WASHINGTON, Jan. 28 (UPI) -- U.S. President Obama will say in his State of the Union speech he's ordering a minimum wage increase for employees of federal contractors, the White House said.
"The president wants to work with Congress to pass the Harkin-Miller bill that would increase the federal minimum wage to $10.10 and index it to inflation thereafter, and he will continue to work with Congress to get that done," the White House said in a statement Tuesday. "The president has also looked at what he can do through executive action to help raise wages for hardworking Americans. In the State of the Union address, the president will announce that he will use his executive authority to raise the minimum wage to $10.10 for those working on new federal contracts for services."
The statement said workers "including janitors and construction workers" covered by new federal contracts -- as well as "military base workers who wash dishes, serve food and do laundry" -- will receive the higher minimum wage.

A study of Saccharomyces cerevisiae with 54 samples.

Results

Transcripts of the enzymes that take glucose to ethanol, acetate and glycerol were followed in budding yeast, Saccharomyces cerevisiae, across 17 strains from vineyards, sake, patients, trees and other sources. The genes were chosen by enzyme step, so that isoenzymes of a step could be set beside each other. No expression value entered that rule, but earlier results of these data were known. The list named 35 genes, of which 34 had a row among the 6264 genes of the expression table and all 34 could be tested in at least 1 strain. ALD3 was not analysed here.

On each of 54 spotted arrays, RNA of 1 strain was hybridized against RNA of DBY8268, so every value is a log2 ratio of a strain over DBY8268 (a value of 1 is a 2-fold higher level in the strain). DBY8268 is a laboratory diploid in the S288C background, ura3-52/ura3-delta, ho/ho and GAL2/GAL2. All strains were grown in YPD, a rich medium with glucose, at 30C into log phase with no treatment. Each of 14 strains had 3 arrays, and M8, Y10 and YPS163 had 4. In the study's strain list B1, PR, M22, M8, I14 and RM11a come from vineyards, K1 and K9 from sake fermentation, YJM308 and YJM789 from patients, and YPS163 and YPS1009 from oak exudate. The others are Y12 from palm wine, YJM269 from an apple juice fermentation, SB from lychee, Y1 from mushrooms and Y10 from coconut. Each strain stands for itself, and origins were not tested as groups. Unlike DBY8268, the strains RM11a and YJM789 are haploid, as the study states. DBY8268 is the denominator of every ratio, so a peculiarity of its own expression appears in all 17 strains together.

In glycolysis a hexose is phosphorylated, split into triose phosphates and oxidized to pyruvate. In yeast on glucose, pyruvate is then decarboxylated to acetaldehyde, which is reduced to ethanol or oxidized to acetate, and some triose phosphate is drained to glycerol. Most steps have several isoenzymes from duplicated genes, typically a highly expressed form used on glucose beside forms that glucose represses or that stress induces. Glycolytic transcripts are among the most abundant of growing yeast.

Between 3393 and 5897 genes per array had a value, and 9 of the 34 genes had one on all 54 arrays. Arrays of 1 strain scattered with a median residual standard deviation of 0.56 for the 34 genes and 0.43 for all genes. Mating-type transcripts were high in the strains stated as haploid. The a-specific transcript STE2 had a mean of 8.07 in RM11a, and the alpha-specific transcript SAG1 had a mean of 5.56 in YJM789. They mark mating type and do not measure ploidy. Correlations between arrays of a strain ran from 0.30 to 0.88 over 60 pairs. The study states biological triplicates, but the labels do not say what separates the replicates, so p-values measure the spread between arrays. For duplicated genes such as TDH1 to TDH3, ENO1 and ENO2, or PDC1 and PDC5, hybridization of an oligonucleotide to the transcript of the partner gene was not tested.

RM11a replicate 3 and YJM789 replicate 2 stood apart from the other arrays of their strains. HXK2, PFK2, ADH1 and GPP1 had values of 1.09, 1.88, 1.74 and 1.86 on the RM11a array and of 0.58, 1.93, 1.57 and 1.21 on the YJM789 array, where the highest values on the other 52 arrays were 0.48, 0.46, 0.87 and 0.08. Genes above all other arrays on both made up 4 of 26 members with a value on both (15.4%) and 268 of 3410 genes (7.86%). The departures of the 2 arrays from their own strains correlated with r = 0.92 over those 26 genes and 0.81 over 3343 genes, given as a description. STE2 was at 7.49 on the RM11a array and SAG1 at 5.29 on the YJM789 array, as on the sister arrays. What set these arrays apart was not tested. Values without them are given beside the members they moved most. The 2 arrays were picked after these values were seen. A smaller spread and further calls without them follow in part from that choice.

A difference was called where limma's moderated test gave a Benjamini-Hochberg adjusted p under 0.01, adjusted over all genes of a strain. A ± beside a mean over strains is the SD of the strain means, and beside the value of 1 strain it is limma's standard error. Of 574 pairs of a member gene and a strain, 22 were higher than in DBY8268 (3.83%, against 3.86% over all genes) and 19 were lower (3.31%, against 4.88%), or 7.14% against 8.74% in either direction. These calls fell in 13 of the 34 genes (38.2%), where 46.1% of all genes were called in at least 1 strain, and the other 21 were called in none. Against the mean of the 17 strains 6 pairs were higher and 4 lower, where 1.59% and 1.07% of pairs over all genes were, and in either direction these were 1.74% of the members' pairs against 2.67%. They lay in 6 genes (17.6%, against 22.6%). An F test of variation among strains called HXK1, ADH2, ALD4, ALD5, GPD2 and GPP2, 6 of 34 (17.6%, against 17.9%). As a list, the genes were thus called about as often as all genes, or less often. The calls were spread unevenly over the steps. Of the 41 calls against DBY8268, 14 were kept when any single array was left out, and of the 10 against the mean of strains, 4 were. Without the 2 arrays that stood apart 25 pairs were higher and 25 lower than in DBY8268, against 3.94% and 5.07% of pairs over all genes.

"Boosting wages will lower turnover and increase morale, and will lead to higher productivity overall," the statement said. "Raising wages for those at the bottom will improve the quality and efficiency of services provided to the government."
The statement noted polls indicated public support for raising the federal minimum wage.
"The president believes that it's time for action, and people across the country agree," the White House said. "Since the president called for an increase in the minimum wage in last year's State of the Union, five states have passed laws increasing their minimum wage. And many businesses, from small businesses to large corporations see higher wages as the right way to boost productivity and reduce turnover and therefore boost their profitability."